Review Of The Basics

Vegetron's chief financial officer (CFO) is wondering how to analyze a proposed $1 million investment in a new venture called project X. He asks what you think.

Your response should be as follows: "First, forecast the cash flows generated by project X over its economic life. Second, determine the appropriate opportunity cost of capital. This should reflect both the time value of money and the risk involved in project X. Third, use this opportunity cost of capital to discount the future cash flows of project X. The sum of the discounted cash flows is called present value (PV). Fourth, calculate net present value (NPV) by subtracting the $1 million investment from PV. Invest in project X if its NPV is greater than zero."

However, Vegetron's CFO is unmoved by your sagacity. He asks why NPV is so important.

Your reply: "Let us look at what is best for Vegetron stockholders. They want you to make their Vegetron shares as valuable as possible."

"Right now Vegetron's total market value (price per share times the number of shares outstanding) is $10 million. That includes $1 million cash we can invest in project X. The value of Vegetron's other assets and opportunities must therefore be $9 million. We have to decide whether it is better to keep the $1 million cash and reject project X or to spend the cash and accept project X. Let us call the value of the new project PV. Then the choice is as follows:


Market Value ($ millions)

Reject Project X

Accept Project X




Other assets



Project X




9 + PV

Brealey-Meyers: I I. Value I 5. Why Net Prsnt Value I I © The McGraw-Hill

Principles of Corporate Leads to Better Companies, 2003 Finance, Seventh Edition Investments Decisions than Other Criteria

92 PART I Value


The firm can either keep and reinvest cash or return it to investors. (Arrows represent possible cash flows or transfers.) If cash is reinvested, the opportunity cost is the expected rate of return that shareholders could have obtained by investing in financial assets.

Investment opportunity (real asset)




Investment opportunities (financial assets)


Alternative: pay dividend to shareholders

Shareholders invest for themselves

"Clearly project X is worthwhile if its present value, PV, is greater than $1 million, that is, if net present value is positive."

CFO: "How do I know that the PV of project X will actually show up in Veg-etron's market value?"

Your reply: "Suppose we set up a new, independent firm X, whose only asset is project X. What would be the market value of firm X?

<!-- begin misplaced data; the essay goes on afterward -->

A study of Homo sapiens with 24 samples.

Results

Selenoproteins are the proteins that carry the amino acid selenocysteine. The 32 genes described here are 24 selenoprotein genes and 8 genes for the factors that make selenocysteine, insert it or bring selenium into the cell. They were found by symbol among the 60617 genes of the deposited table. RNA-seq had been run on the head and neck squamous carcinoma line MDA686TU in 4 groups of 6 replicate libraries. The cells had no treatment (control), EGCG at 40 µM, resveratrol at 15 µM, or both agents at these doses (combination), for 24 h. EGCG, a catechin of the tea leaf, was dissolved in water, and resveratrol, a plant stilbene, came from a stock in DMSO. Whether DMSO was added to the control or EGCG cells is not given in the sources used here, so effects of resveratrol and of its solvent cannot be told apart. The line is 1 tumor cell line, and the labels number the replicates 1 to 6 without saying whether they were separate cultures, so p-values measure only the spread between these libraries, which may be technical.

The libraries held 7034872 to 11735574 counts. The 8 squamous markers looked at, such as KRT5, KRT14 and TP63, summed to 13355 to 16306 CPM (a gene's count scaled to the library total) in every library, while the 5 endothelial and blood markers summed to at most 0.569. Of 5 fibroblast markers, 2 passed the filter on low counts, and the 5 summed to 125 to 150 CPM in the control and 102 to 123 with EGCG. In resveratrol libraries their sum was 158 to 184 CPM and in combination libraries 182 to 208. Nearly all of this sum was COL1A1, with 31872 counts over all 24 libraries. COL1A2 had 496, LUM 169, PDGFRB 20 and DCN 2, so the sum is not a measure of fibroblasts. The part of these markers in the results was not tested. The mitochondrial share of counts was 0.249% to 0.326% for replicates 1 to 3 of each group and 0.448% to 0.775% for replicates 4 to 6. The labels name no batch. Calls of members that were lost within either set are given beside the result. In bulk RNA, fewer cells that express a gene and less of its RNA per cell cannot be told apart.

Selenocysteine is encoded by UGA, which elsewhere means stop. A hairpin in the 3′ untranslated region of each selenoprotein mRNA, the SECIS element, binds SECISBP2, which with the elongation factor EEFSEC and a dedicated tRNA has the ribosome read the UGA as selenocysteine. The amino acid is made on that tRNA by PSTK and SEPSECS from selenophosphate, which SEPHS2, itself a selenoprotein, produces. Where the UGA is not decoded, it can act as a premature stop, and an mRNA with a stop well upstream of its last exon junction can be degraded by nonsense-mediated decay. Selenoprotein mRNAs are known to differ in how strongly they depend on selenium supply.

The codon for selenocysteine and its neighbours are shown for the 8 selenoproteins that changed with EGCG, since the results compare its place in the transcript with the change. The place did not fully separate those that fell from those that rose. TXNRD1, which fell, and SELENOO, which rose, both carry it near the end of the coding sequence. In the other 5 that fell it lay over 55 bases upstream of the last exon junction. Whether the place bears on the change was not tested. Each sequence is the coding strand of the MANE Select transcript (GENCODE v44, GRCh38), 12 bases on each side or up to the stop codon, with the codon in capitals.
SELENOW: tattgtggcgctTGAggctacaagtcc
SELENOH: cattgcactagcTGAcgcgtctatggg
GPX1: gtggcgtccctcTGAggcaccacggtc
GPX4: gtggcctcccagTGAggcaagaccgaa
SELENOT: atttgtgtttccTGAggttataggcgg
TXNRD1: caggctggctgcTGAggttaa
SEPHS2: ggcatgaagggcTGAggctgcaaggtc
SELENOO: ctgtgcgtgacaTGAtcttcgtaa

"Investors would forecast the dividends firm X would pay and discount those dividends by the expected rate of return of securities having risks comparable to firm X. We know that stock prices are equal to the present value of forecasted dividends.

"Since project X is firm X's only asset, the dividend payments we would expect firm X to pay are exactly the cash flows we have forecasted for project X. Moreover, the rate investors would use to discount firm X's dividends is exactly the rate we should use to discount project X's cash flows.

"I agree that firm X is entirely hypothetical. But if project X is accepted, investors holding Vegetron stock will really hold a portfolio of project X and the firm's other assets. We know the other assets are worth $9 million considered as a separate venture. Since asset values add up, we can easily figure out the portfolio value once we calculate the value of project X as a separate venture.

"By calculating the present value of project X, we are replicating the process by which the common stock of firm X would be valued in capital markets."

CFO: "The one thing I don't understand is where the discount rate comes from."

Your reply: "I agree that the discount rate is difficult to measure precisely. But it is easy to see what we are trying to measure. The discount rate is the opportunity cost of investing in the project rather than in the capital market. In other words, instead of accepting a project, the firm can always give the cash to the shareholders and let them invest it in financial assets.

"You can see the trade-off (Figure 5.1). The opportunity cost of taking the project is the return shareholders could have earned had they invested the funds on their own. When we discount the project's cash flows by the expected rate of return on comparable financial assets, we are measuring how much investors would be prepared to pay for your project."

Brealey-Meyers: I I. Value I 5. Why Net Prsnt Value I I © The McGraw-Hill

Principles of Corporate Leads to Better Companies, 2003 Finance, Seventh Edition Investments Decisions than Other Criteria

CHAPTER 5 Why Net Present Value Leads to Better Investment Decisions Than Other Criteria 93

"But which financial assets?" Vegetron's CFO queries. "The fact that investors expect only 12 percent on IBM stock does not mean that we should purchase Fly-by-Night Electronics if it offers 13 percent."

Your reply: "The opportunity-cost concept makes sense only if assets of equivalent risk are compared. In general, you should identify financial assets with risks equivalent to the project under consideration, estimate the expected rate of return on these assets, and use this rate as the opportunity cost."